Most of your potential customers use their smartphone to surf the Internet. And this on the go via the partially suboptimal mobile network. If your page loads for more than 3 seconds on your visitor's cell phone, statistically more than half will already bounce. In the worst case, the majority of these users will not return to your website. The worse the page loads, the more dissatisfied the visitors are. And that also affects your Google ranking. In addition to good design and interesting content, speed and mobile optimization are essential to keep your website competitive.

How do I test my site speed?
For many, the first port of call for a page speed test is Google’s PageSpeed Insights. All you have to do is copy and paste your website’s URL into the form field – and the analysis can start. The website speed is very good if the analyzed value is in the green range between 90 and 100%. The tool also gives you some information about the problems and how to fix them.

You can also view the results in another Google tool:

In this post, we will go into the speed of your website.

What affects the loading time of my website?
1.) Bandwidth
The mobile network of most smartphone users is in most cases slower than a DSL connection at home.

2.) Computing power
If a user has very little RAM and the browser’s cache hasn’t been emptied for a long time, speed can suffer.

3.) File sizes
The smaller the website data file sizes, the faster the page loads. These files include, for example, images, videos, HTML code, scripts and style sheets.

4.) Web hosting server performance
The server processes the request for page views. The same applies here: the fewer files that have to be requested, the faster processing takes place. If there is a high influx of visitors, this can also have a negative impact on the main memory and processor performance of the web server. Under this link you can see how well the web hosting providers rank in a speed test:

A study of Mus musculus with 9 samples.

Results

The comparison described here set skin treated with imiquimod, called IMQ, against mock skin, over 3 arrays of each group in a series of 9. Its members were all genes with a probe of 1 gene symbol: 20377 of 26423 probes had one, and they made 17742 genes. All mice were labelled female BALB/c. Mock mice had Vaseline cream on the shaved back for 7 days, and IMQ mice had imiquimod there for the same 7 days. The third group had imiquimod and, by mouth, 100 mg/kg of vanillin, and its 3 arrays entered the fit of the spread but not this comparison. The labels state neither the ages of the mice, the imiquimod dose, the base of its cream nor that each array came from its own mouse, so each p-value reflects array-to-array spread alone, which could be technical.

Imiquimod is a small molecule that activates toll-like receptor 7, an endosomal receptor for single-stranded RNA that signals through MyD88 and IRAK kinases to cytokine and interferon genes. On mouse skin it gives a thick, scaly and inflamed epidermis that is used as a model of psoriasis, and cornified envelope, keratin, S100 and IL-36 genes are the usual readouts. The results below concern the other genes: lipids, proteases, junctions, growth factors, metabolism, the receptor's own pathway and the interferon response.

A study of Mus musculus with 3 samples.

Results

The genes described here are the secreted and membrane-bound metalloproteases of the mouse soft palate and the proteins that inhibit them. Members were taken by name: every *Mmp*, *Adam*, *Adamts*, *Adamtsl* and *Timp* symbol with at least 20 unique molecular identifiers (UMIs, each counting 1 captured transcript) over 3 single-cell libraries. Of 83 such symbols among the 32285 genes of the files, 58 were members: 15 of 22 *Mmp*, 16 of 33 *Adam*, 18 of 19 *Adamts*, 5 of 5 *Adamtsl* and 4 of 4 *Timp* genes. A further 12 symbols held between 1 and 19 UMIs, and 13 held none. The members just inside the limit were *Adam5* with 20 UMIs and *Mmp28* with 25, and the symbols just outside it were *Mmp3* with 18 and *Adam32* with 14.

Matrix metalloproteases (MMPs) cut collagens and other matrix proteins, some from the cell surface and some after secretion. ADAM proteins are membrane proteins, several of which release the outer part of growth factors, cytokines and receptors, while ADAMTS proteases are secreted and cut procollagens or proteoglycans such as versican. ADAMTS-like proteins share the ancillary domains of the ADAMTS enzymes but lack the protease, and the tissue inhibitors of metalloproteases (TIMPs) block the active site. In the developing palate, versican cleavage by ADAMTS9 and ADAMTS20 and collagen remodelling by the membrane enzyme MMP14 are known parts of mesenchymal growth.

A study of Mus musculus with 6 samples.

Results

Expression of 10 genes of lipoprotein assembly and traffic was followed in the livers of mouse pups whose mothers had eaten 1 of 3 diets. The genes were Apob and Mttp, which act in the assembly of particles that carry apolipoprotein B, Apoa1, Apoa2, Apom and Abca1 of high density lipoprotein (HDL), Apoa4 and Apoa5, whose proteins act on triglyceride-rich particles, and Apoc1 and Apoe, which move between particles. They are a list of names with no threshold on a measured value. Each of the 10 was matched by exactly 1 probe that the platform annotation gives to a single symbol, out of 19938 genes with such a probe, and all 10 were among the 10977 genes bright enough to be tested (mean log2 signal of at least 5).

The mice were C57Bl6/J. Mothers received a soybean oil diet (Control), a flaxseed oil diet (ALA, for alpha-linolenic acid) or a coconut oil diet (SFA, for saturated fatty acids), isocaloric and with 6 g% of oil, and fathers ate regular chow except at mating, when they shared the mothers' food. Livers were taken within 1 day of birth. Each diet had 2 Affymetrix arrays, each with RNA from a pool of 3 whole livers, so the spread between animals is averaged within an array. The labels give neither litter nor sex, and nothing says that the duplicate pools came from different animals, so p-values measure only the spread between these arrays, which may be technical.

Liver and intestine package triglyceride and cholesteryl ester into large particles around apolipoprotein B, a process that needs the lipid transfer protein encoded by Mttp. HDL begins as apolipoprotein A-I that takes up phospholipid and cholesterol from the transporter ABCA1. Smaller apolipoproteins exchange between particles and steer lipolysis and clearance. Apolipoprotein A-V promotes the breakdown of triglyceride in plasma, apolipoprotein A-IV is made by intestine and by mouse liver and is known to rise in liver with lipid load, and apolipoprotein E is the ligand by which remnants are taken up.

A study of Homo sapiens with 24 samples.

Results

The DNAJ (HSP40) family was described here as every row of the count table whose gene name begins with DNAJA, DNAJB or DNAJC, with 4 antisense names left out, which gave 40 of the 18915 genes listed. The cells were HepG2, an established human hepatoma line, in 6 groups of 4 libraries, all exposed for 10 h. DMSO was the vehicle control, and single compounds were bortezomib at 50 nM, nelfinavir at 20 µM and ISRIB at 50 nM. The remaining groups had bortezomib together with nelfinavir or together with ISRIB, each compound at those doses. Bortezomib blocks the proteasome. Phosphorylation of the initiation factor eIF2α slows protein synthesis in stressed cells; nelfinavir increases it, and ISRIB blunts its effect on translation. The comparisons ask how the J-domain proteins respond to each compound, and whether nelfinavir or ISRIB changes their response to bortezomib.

What can I watch out for so that I don’t negatively affect the speed?
Use of CSS & JS files
Style sheet files should always be included in the header area and javascript files in the footer area, if possible. CSS files are thus loaded first, so the design of the page is not affected during the loading process.

Minimize source code
To make the code smaller, unnecessary parts such as spaces or developer comments are simply removed. This saves space, the visitor’s device has to read less and the loading speed benefits.

Optimize images
An optimized image should be of high quality despite compression. In addition, the image size should be correct. If a product image on the website claims a size of 200×200 pixels, the uploaded image should not be 4000×3000 pixels. In this case, you can safely save yourself HD photos. To reduce and compress an image without expensive software, we recommend the iloveimg browser tool.

Merge CSS files
The more CSS files are included, the more requests the browser has to send to the web server. That takes time. Therefore, in the best case, only one CSS file should be integrated.

Technical jargon not understood?
For us as an internet agency, this is all understandable. But not everyone focuses so much on the technical implementation.

If this information is too complicated, we still have a solution – ideal for WordPress sites: the use of so-called caching plugins. There are many different ones on the market that you can simply install in your system and then set up according to instructions. Above all, we find WP-Rocket worth mentioning because it is easy to set up and efficient.

Do you need an internet agency to support you?
Maybe you don’t dare to approach the topic on your own or you just don’t have the time to familiarize yourself? Then get in touch with us without obligation. Together we will find a suitable solution for you!